Urban areas are home to an increasingly large proportion of the world’s population, with more people living in cities than rural areas since 2007. These large population densities mean more people are vulnerable to extreme weather events, including heatwaves, which may become more common with climate change.
Extreme heatwaves may be worsened by air temperature differences between cities and their rural surroundings, known as the urban heat island (UHI) effect. This urban–rural contrast is a result of city diversity, including increased pervious surfaces, reflective materials, and deep canyon structures that trap heat close to the surface. These can all increase local temperatures and influence people’s thermal comfort.
The challenge of representing cities in climate models
It is a challenge to represent these effects in models as city geometry is so complicated. Additionally, the low resolution of numerical weather prediction (NWP) models makes it impossible to simulate individual buildings and streets. So, we make simplifications, with one common approach assuming that streets are infinitely long and of a constant width, with equal-height buildings – an ‘infinite street canyon’. Although this could be a good assumption for suburbs, it may not be representative of the complex structure of larger cities.
Our work focuses on urban radiation, as the amount of the sun’s energy a surface absorbs and reflects controls the other urban processes. To accurately simulate urban areas and their exchanges we need information about their structure, but there is a lack of global data on urban morphology. Additionally, we need more computationally efficient ways of describing urban energy exchanges in models.
Recent model developments are moving towards multi-layer urban canopy descriptions, allowing realistic effects – that is, shadowing of short buildings by taller ones. One example for urban radiation is SPARTACUS-Surface which requires profiles of building cover and wall area with height. The main errors that arise when modelling urban radiation are from:
- the radiation scheme itself
- determining the city morphology from a few parameters
- and knowing the exact urban parameters for each city.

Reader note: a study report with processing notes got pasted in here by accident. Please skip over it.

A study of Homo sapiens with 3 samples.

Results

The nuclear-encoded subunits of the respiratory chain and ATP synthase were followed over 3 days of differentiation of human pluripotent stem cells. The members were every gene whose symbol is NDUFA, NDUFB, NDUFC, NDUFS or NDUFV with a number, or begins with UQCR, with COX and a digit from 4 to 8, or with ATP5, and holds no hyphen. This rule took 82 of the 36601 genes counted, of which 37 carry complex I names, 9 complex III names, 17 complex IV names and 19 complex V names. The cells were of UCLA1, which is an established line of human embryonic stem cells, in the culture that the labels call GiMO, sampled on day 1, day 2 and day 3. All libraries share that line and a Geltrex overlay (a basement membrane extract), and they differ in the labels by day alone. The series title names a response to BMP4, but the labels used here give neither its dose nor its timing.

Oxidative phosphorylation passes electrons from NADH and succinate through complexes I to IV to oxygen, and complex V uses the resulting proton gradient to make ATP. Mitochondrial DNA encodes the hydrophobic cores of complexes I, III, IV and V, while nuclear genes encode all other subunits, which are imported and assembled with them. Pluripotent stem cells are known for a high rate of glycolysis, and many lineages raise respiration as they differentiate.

Previously, our work quantified the first for solar radiation. Our new paper aims to quantify the second. To achieve this, we identified and parameterised urban morphology profiles, with a focus on those needed for SPARTACUS-Surface – through determination of coefficients and methods that hold for multiple countries worldwide, covering the range of urban variability both between and within cities.
We studied the morphology of six cities worldwide using building height data at a 2 km × 2 km resolution: Auckland (New Zealand), Berlin (Germany), Birmingham (UK), London (UK), New York City (USA), and Sao Paulo (Brazil). The main parameters we used in the work were the cover of buildings at the surface, the mean building height, and the wall area.
The parameterisations developed have different complexity levels, with decreasing input data requirements, allowing us to identify which level of data is required before a difference in the results. To parameterise the building cover with height, we use the mean building height and the surface building cover. The profiles of building wall area are parameterised using an ‘effective building diameter’. This assumes that the building cover and building wall area are proportional to each other, describing the width of buildings at each height if they were identical cubes or cylinders. We find that this can be roughly assumed to be 20m across all cities.
The impact of the relations for city structure that we developed had on the radiation fluxes were tested using SPARTACUS-Surface, focusing on the top of canopy albedo, and the absorbed radiation. The study revealed that we can determine the vertical structure of any urban area assuming we know three simple characteristics (surface building cover, mean building height, and an effective building diameter of 20m), with errors for albedo up to 10%. This is improved to 2% when using a better effective building diameter, calculated from the exact wall area.
This work shows that there are skilful and efficient ways to characterize cities for computationally expensive NWP models. These findings are even more useful and applicable as we move to the next generation of models that resolve the vertical structure of cities. Also, this work reflects the need for large-scale datasets to communicate the variability of cities form and materials, which are required for these parameterisation approaches. Particularly here, we show the need for datasets of building cover and mean building height.
Meg Stretton is Postdoctoral Research Assistant in the Department of Meteorology at the University of Reading.